Oram, Natalie J., van Groenigen, Jan Willem, Bodelier, Paul L.E., Brenzinger, Kristof, Cornelissen, Johannes H.C., De Deyn, Gerlinde B., Abalos, Diego
The Science of the total environment 2020 v.727 pp. 138476
Festuca arundinacea, Lolium perenne, Poa trivialis, Trifolium repens, biomass production, botanical composition, carbon dioxide, carbon nitrogen ratio, climate change, field experimentation, flooded conditions, global warming potential, grasses, grasslands, greenhouse experimentation, greenhouse gas emissions, greenhouse gases, legumes, methane, mineralization, nitrogen, nitrous oxide, plant communities, soil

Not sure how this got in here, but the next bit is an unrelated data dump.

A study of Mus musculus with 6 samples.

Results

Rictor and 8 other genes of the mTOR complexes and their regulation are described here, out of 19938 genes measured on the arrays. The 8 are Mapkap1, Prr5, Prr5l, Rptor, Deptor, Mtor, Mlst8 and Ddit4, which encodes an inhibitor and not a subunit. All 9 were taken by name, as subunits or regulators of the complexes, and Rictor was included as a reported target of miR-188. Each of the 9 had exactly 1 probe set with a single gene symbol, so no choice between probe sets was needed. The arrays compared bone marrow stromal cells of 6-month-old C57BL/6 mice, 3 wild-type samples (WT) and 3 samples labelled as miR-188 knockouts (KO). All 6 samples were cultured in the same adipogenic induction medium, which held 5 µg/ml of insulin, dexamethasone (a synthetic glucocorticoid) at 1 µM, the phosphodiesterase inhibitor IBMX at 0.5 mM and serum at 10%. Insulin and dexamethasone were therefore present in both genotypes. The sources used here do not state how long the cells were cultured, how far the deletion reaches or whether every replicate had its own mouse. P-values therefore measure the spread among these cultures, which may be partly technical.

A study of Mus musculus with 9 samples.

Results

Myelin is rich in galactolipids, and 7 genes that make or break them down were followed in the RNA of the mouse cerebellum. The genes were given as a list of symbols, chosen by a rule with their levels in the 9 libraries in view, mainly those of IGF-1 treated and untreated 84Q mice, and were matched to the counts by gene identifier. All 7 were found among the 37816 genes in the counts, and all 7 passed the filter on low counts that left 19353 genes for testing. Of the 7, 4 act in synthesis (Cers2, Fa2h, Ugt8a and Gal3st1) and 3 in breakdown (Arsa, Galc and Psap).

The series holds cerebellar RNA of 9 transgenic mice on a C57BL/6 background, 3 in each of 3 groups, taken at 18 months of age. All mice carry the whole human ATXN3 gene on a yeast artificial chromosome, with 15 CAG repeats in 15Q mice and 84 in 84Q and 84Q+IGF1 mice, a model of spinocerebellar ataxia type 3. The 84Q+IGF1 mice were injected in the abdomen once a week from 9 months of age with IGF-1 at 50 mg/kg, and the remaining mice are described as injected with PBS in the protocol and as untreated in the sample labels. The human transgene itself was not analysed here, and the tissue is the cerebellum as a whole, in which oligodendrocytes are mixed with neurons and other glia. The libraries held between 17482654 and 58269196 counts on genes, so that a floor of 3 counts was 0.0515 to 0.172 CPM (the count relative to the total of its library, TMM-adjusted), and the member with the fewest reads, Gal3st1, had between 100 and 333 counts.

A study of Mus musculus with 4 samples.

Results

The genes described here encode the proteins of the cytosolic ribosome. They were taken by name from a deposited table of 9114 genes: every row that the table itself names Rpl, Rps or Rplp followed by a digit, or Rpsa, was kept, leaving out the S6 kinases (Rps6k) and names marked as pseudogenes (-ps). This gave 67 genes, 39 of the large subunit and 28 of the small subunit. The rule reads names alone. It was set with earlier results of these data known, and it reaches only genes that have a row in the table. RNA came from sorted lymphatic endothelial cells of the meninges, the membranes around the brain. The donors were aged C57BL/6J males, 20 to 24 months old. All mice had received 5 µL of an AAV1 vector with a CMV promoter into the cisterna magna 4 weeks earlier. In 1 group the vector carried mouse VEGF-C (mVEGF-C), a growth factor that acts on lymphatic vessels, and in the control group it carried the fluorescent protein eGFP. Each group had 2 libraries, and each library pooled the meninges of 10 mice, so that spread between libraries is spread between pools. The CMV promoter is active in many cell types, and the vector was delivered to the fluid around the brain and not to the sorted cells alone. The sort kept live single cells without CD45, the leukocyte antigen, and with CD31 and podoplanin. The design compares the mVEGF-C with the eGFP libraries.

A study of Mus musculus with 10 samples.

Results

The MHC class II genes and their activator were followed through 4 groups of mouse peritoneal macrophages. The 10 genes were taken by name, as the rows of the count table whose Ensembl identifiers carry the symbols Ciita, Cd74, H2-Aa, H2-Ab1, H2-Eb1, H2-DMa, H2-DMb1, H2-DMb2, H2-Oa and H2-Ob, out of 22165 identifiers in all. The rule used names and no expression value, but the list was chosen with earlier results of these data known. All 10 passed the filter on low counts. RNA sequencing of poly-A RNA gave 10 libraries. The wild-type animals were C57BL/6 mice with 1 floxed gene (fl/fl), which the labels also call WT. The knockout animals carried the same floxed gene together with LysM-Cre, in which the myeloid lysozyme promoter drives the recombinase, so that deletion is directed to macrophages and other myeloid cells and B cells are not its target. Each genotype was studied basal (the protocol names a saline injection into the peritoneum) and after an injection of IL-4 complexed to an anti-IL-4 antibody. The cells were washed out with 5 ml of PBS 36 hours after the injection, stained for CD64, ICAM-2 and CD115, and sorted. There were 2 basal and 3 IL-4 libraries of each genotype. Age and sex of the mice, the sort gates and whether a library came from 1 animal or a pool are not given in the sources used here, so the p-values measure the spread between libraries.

Intensively managed grasslands are large sources of the potent greenhouse gas nitrous oxide (N₂O) and important regulators of methane (CH₄) consumption and production. The predicted increase in flooding frequency and severity due to climate change could increase N₂O emissions and shift grasslands from a net CH₄ sink to a source. Therefore, effective management strategies are critical for mitigating greenhouse gas emissions from flood-prone grasslands. We tested how repeated flooding affected the N₂O and CH₄ emissions from 11 different plant communities (Festuca arundinacea, Lolium perenne, Poa trivialis, and Trifolium repens in monoculture, 2- and 4-species mixtures), using intact soil cores from an 18-month old grassland field experiment in a 4-month greenhouse experiment. To elucidate potential underlying mechanisms, we related plant functional traits to cumulative N₂O and CH₄ emissions. We hypothesized that traits related with fast nitrogen uptake and growth would lower N₂O and CH₄ emissions in ambient (non-flooded) conditions, and that traits related to tissue toughness would lower N₂O and CH₄ emissions in flooded conditions. We found that flooding increased cumulative N₂O emissions by 97 fold and cumulative CH₄ emissions by 1.6 fold on average. Plant community composition mediated the flood-induced increase in N₂O emissions. In flooded conditions, increasing abundance of the grass F. arundinacea was related with lower N₂O emissions; whereas increases in abundance of the legume T. repens resulted in higher N₂O emissions. In non-flooded conditions, N₂O emissions were not clearly mediated by plant traits related with nitrogen uptake or biomass production. In flooded conditions, plant communities with high root carbon to nitrogen ratio were related with lower cumulative N₂O emissions, and a lower global warming potential (CO₂ equivalent of N₂O and CH₄). We conclude that plant functional traits related to slower decomposition and nitrogen mineralization could play a significant role in mitigating N₂O emissions in flooded grasslands.